Young people will be hit hardest by Sheffield’s local plan delays and housing shortage, warn councillors

Councillors warned young people will be hit hardest by delays to the local plan and a lack of housing.

By Molly Williams, Local Democracy Reporter
Monday, 20th September 2021, 4:13 pm

Sheffield Liberal Democrats proposed a motion on housing and the local plan – which has been delayed for around a decade and will guide developments around the city when finally implemented – at this month’s full council meeting.

It follows a planning inquiry in which Sheffield Council’s decision to reject a housing estate on greenfield land at Hollin Busk, Deepcar, was overturned. The decision by the planning inspector was partly because the council failed to provide a local plan or a five-year deliverable housing supply.

Proposing the motion, which called for a draft local plan within the next six months, councillor Martin Smith said: “The city has become increasingly defenceless against inappropriate developments and it’s got so bad that even property developers are unhappy at the lack of clarity they are getting from the council.”


He added: “(It) is particularly difficult for young people with the shortage of good quality affordable housing.

“As a father with a son and daughter in their twenties, I’ve seen the impact that can have on young people’s lives.

“The local plan could have and should have been put to bed years ago. So please, no more delays, no more excuses – let’s crack on with it and set clear targets for how and when the local plan is going to be finished.”

Coun Julie Grocutt, deputy leader of the council, said a city centre plan and spacial strategy will be brought to cabinet in October and urged councillors to stop using the local plan as a “political football” and work together.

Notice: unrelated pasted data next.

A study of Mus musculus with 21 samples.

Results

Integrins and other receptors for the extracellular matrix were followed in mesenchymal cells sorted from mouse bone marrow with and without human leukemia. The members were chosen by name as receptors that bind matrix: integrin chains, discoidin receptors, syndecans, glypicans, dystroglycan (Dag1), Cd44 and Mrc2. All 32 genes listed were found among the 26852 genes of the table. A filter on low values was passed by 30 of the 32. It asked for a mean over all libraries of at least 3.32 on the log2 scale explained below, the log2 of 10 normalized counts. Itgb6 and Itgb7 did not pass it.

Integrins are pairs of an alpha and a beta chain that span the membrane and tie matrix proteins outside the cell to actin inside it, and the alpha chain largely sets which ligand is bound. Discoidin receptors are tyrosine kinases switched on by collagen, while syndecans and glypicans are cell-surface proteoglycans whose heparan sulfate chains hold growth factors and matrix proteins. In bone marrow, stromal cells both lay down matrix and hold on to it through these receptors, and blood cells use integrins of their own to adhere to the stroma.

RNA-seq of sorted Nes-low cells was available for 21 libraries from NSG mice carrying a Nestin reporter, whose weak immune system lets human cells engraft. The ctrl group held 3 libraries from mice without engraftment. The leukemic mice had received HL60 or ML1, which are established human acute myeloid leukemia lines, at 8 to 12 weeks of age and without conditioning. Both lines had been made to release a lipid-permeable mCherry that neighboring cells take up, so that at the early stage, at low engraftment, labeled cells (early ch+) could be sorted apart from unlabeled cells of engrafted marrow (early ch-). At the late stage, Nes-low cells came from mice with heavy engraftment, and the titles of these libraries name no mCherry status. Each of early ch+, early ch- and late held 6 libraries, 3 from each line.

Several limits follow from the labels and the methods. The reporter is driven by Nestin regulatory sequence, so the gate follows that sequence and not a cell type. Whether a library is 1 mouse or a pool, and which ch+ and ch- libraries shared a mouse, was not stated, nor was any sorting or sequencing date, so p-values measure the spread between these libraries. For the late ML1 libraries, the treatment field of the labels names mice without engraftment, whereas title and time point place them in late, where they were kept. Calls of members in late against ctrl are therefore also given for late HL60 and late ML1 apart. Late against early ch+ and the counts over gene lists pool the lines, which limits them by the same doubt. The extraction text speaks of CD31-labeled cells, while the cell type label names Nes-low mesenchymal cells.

Coun Sophie Thornton said it was not “political football” to point out that the local plan had been in development since she was a teenager and gave her views as young person.

She said: “I would like, as a young person, to get on the housing ladder while I’m still in my twenties but I, like so many other young people, feel that is increasingly out of reach.

“A colleague of mine at my other job has been trying for years and ultimately every time she gets to final and last offers people are overbidding by £10-15,000 because the housing supply in this city is so low that the houses are just going like that.

“We are known as generation rent and it goes much further than us just being unable to own our own homes. It goes to us paying rent to pay other people’s mortgages for potentially the rest of our lives, spending our savings on an expensive rental sector, we are going to grow older and need care with little to no cash or assets to fund it and we are going to be unable to to leave future generations in a better place than we started.

“If you fail to plan, then you are going to plan to fail Sheffield’s young people who are wanting to get on the housing ladder and you are going to face a crisis in care as we get older.”